Tuesday, September 15, 2009

Trusting Your Trussing

As we get into the cooler months, I'm looking forward to cooking hearty meals with large hunks of meat. Yes, I'm talking about rich pot roasts, crispy whole-roasted chickens, pork loins, and, of course, that Thanksgiving turkey. Nothing says autumn more than sitting down to a plate of slow-cooked meat, potatoes, and root vegetables. I'm salivating just thinking about it!

Of course, along with these dishes comes the age-old question. To truss or not to truss? And if you truss the meat, how do you do it? It looks so complicated. Do you really need to do it?

I'm not really sure why trussing is something that people get all nervous about and I'm definitely not sure why professional chefs make such a big deal about using the right technique. In fact, they tend to treat it as some sort of art form. In most older cookbooks, there are entire chapters devoted to the topic with detailed photos. I've seen simple loin roasts tied with complicated enough knot sequences that you'd need to call-in a boyscout. I've seen turkeys poked, prodded, and sutured with tiny needles and secured to fancy fold-up racks. Even the queen of cooking herself, Julia Child, spent an awful lot of time on her television show threading a huge old needle with twine and punching it through the skin of a chicken.

Why Truss?
The basic purpose behind trussing is to take a non-uniform piece of meat and tie it into a more uniform shape so it'll cook evenly. That's it. It's that simple. As long as you accomplish that, you're good to go.

In the case of a chicken, you're trying to tie-up the legs so they don't flop around, stick-out, and cook much faster than the body. In the case of a cylindrical-shaped loin roast, you're trying to keep it round instead of letting it flatten-out under its own weight. In the case of a pot roast, you're trying to keep it from flattening and falling apart as it cooks.

Of course, if you're studying at Le Cordon Bleu, you'll have to learn all that fancy knotting. Why? Because the fancy French techniques look pretty. That's about the only reason. In the home, who cares? You can always (and probably should) remove the string before you bring the meat to the table. Nobody's going to see it.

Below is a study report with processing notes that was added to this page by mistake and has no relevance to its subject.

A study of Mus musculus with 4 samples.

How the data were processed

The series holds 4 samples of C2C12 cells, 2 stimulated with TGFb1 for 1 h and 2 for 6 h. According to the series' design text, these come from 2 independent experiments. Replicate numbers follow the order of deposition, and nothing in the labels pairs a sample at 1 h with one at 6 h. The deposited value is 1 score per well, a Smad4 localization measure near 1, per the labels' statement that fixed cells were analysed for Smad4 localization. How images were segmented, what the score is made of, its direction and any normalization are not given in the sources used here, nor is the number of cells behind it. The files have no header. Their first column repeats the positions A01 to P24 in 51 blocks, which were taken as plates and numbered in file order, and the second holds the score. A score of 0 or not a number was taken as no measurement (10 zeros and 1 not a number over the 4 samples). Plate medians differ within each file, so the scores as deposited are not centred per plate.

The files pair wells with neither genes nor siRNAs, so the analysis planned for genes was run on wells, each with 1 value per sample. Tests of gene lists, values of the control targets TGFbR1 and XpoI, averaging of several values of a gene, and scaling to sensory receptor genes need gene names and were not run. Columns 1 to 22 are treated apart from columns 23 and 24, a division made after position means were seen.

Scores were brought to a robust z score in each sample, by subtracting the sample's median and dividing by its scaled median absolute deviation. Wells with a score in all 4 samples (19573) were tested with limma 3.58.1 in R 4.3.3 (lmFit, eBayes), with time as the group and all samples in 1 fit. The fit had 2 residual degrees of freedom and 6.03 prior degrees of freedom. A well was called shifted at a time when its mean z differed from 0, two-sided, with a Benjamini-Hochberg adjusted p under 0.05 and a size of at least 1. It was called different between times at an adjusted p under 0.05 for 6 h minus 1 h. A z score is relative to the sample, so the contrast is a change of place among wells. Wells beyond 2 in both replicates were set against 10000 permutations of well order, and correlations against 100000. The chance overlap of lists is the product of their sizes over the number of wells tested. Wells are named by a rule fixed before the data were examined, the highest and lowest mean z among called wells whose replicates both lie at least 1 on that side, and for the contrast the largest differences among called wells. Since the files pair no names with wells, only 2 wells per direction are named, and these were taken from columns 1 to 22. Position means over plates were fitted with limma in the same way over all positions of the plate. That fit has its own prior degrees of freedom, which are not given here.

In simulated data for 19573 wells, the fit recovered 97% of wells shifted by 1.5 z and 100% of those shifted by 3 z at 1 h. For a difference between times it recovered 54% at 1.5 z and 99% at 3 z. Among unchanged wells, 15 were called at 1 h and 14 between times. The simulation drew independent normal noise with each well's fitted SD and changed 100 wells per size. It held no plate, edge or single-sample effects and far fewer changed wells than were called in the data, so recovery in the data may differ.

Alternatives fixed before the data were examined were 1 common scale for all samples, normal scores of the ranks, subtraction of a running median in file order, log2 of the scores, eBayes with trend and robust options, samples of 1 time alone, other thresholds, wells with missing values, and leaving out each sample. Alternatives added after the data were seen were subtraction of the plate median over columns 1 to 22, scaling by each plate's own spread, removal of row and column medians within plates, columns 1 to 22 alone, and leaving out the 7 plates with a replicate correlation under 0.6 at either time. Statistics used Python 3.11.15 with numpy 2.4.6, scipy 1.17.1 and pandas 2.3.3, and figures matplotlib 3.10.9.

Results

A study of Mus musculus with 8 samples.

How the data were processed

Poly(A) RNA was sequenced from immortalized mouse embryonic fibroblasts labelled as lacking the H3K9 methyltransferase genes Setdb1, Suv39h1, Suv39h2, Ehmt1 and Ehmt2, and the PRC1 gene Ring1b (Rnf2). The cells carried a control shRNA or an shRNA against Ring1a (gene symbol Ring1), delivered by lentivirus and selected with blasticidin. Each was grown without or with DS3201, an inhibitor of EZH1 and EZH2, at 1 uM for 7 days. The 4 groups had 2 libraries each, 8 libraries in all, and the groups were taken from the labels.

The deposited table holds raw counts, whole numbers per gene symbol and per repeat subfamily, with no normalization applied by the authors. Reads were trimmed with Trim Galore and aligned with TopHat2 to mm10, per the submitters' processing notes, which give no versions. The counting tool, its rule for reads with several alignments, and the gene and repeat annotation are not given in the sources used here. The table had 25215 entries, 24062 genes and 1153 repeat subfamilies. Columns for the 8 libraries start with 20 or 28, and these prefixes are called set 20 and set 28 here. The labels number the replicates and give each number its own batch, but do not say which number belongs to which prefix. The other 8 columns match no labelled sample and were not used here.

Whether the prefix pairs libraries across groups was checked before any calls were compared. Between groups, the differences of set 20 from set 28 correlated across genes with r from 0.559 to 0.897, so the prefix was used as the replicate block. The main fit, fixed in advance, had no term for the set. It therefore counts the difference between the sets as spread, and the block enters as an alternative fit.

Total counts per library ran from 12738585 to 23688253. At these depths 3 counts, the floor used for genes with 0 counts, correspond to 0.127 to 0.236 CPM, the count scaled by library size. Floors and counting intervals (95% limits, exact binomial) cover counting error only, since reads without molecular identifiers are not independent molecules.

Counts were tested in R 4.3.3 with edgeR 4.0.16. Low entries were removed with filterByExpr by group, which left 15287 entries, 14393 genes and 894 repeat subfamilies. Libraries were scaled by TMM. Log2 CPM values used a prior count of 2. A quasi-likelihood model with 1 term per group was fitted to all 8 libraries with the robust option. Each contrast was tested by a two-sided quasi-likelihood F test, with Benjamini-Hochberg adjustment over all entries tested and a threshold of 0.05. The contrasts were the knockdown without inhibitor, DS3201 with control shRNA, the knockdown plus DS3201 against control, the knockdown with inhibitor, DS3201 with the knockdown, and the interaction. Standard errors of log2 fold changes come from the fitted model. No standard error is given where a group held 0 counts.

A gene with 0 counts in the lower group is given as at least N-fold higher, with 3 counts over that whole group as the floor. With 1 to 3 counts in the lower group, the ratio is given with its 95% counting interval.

How To Truss? (The Easy Way)
Here are a couple of very simple techniques for trussing common pieces of meat:

Chicken, Turkey, and Other Poultry - The objective here is to get all the legs and wings pulled-into the body so they don't cook faster than the rest of the bird. Think football-shaped. This can be done simply by tying the two drumsticks together at their ends in front of the cavity. Following that, use a piece of string encircling the entire bird like a belt to hold the thighs in. Use another piece of string to encircle the upper part of the bird and keep the wings in. That's it! It may not win any awards for aesthetics, but it'll do the job. Remove the string before bringing the bird to the table or, better yet, carve in the kitchen.

Beef & Pork Roasts - For both square-shaped and cylindrical-shaped roasts, use 3 to 5 pieces of string to tie "rings" around the roast, encircling the thinnest part and spacing the rings 1-2 inches apart moving up the long way. This will keep the roast from flattening-out as it cooks. There's no real need to tie the rings together.

Odd-Shaped Cuts - Occasionally, you'll find odd-shaped cuts of meat or fish where there are significantly thinner portions. In this case, either make a cut to fold the thin part over or under the main piece or slice the thinner portion off completely and tie the whole thing together to make one large, evenly-shaped roast. It may not be pretty, but it'll keep both pieces of meat juicy and tender. To serve, remove the string and slice in the kitchen. Nobody will ever know!